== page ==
The Art of Data Verification in Web3: The Importance of Data Inconsistencies and The Plan to Fix Them

Achieving integrity of web3 data hinges on independent verifiability and reproducibility of computation, rather than depending on centralized monopolies of information. The Graph Network is at the forefront of this movement with hundreds of Indexers ensuring the accuracy of the data they provide.

This decentralized approach is necessary for maintaining data accuracy, but it is not without its challenges.

In the current state of the network, it’s possible to have situations where different Indexers return different results for the same queries. This triggers an arbitration process for understanding the source of the discrepancy. For the time being, this is a fairly manual process but the network has several advantages for doing this work. When discrepancies arise, it is possible to take advantage of a redundant network of Indexers and cross-check against multiple data points, effectively highlighting the source of the inconsistency.

One of the pivotal mechanisms that underpin this process is the Proof of Indexing (PoI), an integral component of The Graph’s framework. The PoI is a cryptographic proof that an Indexer submits to show that it has accurately processed and stored the data from a subgraph. It serves as an assurance that the data processed by the Indexer is correct and reliable. In addition, every query response comes with a signed attestation by the Indexer. If incorrect data is served by an Indexer, the latest PoI and signed attestation are used to examine the contested query, possibly leading to an Indexer being slashed.

Contrast this with conventional, centralized solutions where you typically pay a premium for data services. In such models, inaccuracies in data often go unnoticed until pointed out by users or accidentally discovered by the development team. The lack of a broad data consensus makes it challenging to spot and rectify errors, further emphasizing the importance and necessity of multiple sources of truth as championed by The Graph.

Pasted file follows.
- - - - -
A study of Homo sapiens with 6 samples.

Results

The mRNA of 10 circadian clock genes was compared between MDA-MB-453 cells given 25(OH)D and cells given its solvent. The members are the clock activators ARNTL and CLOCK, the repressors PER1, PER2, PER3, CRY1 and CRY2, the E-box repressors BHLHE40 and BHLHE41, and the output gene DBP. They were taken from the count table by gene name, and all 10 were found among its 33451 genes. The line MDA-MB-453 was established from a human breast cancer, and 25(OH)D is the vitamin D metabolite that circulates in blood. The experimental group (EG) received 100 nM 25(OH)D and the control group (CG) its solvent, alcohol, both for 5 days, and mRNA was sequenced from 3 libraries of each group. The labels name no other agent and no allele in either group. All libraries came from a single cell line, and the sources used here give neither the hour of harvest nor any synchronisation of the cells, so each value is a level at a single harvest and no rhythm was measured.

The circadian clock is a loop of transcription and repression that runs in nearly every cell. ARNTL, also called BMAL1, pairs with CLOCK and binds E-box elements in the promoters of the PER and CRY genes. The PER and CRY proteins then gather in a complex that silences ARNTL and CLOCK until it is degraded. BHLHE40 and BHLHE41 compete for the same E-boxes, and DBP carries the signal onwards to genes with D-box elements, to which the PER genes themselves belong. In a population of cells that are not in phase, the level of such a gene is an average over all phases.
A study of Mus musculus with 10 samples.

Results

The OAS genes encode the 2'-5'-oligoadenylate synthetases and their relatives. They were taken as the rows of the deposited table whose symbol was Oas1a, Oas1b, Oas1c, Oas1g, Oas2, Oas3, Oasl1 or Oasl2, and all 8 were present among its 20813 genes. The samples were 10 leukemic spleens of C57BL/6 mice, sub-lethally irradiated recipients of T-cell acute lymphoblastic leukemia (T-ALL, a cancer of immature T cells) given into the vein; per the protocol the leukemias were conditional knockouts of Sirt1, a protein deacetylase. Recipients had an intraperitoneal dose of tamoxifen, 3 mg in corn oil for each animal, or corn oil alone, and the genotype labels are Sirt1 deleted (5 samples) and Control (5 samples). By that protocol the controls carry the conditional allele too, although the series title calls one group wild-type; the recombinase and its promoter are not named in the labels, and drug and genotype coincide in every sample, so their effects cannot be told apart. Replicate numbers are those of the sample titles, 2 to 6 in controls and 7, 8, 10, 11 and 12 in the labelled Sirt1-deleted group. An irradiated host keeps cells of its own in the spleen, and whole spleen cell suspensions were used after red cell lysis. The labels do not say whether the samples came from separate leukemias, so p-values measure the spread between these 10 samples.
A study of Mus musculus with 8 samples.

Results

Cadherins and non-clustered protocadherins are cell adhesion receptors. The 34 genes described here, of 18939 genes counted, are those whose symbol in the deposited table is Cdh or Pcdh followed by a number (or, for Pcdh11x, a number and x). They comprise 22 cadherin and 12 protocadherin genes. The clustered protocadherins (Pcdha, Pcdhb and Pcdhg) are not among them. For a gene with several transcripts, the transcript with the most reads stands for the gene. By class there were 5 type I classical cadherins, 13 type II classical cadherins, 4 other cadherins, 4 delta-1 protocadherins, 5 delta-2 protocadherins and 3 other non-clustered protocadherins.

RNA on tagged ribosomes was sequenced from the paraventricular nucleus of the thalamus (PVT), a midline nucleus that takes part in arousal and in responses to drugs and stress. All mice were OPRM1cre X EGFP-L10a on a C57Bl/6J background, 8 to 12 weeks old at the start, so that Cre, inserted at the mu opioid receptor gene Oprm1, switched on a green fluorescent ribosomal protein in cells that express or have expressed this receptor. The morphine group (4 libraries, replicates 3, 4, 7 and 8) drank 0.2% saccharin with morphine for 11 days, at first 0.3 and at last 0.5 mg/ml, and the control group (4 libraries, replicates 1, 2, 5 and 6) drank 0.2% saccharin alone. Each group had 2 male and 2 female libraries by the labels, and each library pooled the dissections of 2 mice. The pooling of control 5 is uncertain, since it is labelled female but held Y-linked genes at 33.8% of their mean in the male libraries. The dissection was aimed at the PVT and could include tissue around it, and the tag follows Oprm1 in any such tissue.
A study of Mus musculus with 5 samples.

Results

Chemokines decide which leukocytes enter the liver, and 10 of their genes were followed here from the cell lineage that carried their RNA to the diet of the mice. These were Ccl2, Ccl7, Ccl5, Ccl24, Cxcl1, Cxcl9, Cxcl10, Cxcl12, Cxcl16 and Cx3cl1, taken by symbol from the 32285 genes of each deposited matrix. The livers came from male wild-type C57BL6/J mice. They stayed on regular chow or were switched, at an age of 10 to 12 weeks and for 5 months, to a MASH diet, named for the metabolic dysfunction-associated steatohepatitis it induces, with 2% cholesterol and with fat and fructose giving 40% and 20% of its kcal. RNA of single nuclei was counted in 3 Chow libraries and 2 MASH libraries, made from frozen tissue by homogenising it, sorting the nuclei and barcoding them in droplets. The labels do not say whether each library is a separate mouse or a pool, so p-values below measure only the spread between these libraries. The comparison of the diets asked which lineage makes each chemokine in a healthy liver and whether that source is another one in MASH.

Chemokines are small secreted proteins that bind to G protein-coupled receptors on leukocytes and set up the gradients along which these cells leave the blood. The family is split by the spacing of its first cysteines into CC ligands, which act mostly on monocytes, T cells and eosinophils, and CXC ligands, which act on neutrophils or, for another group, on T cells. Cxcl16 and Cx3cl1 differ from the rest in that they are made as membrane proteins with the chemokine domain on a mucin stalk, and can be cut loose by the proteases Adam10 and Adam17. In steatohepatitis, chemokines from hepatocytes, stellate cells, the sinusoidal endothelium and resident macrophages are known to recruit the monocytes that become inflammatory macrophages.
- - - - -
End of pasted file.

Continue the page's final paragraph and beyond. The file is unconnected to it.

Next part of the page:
The Role of Indexers and the Variability of Data When Forming Consensus

Indexers compete to serve data queries in public markets, employing a diverse array of hardware, tooling, and optimizations to improve efficiency. This competition not only fosters a robust environment for innovation but also adds a layer of resiliency and censorship resistance to the network.

The Graph’s approach will eventually lead to the most trustworthy system for accessing verifiable information. However, in the early stages, the network relies on an Arbitration Committee, and there can occasionally be situations that lead to short term data inconsistencies. Processes are being refined for detecting inconsistencies, launching disputes, providing arbitration, and slashing faulty Indexers. While the visibility of these inconsistencies highlights the system’s robustness in retrieving data, they can also be a source of frustration for developers.

Core developers focused on The Graph are aware of these challenges and are actively working towards solutions to mitigate these issues.

How The Graph is Working on Fixing The Problem: Graphix

Recognizing the challenges that data inconsistency presents, The Graph community has been diligently working to address these issues, all while maintaining its commitment to transparent and accurate data. One such effort is the development of Graphix, a cross-checking system for indexing and query results. Graphix is a software built by Edge and Node, that is designed to detect inconsistencies in indexing results through the use of PoIs, and drastically speeding up the time to triage, root cause issues, and drive toward resolution.

Imagine a future where conflicting data does not necessitate manual intervention. As Ethereum and web3 gain further adoption, such independent validation of data becomes an essential component of navigating the internet.

The development of Graphix signifies a substantial stride in making this future a reality. Graphix will greatly improve time to resolution for data inconsistencies, bolstering the reliability and trustworthiness of The Graph Network.

Final thoughts

The shift towards a decentralized data architecture represented by The Graph and web3 fundamentally transforms the way we interact with, validate, and trust data. This model leverages multiple Indexers to offer an ecosystem where truth is established by network consensus, thereby reducing dependence on a single source of “truth.” While in the early days, processes need to be refined for detecting and resolving data inconsistencies, this architecture provides a significantly improved solution to providing verifiable information without depending on centralized intermediaries.

Current engineering work includes improving the effectiveness of cryptoeconomic security in the network, while research engineering continues on the bleeding edge of cryptographic verifiability… Novel methods are being developed for cryptographic verifiability under the Verifiable Queries workstream, further bolstering data accuracy and reducing the need for economic actors to enforce security.

As a new era dawns, it is clear that the importance of independent validation in data accuracy cannot be overstated. The Graph and the decentralized network of Indexers play a pivotal role in this landscape, facilitating a move towards a new era of trust and empowerment in the web3 space. With these developments, we are witnessing a seismic shift from the traditional data consumption model to one that is transparent, accessible, and decentralized.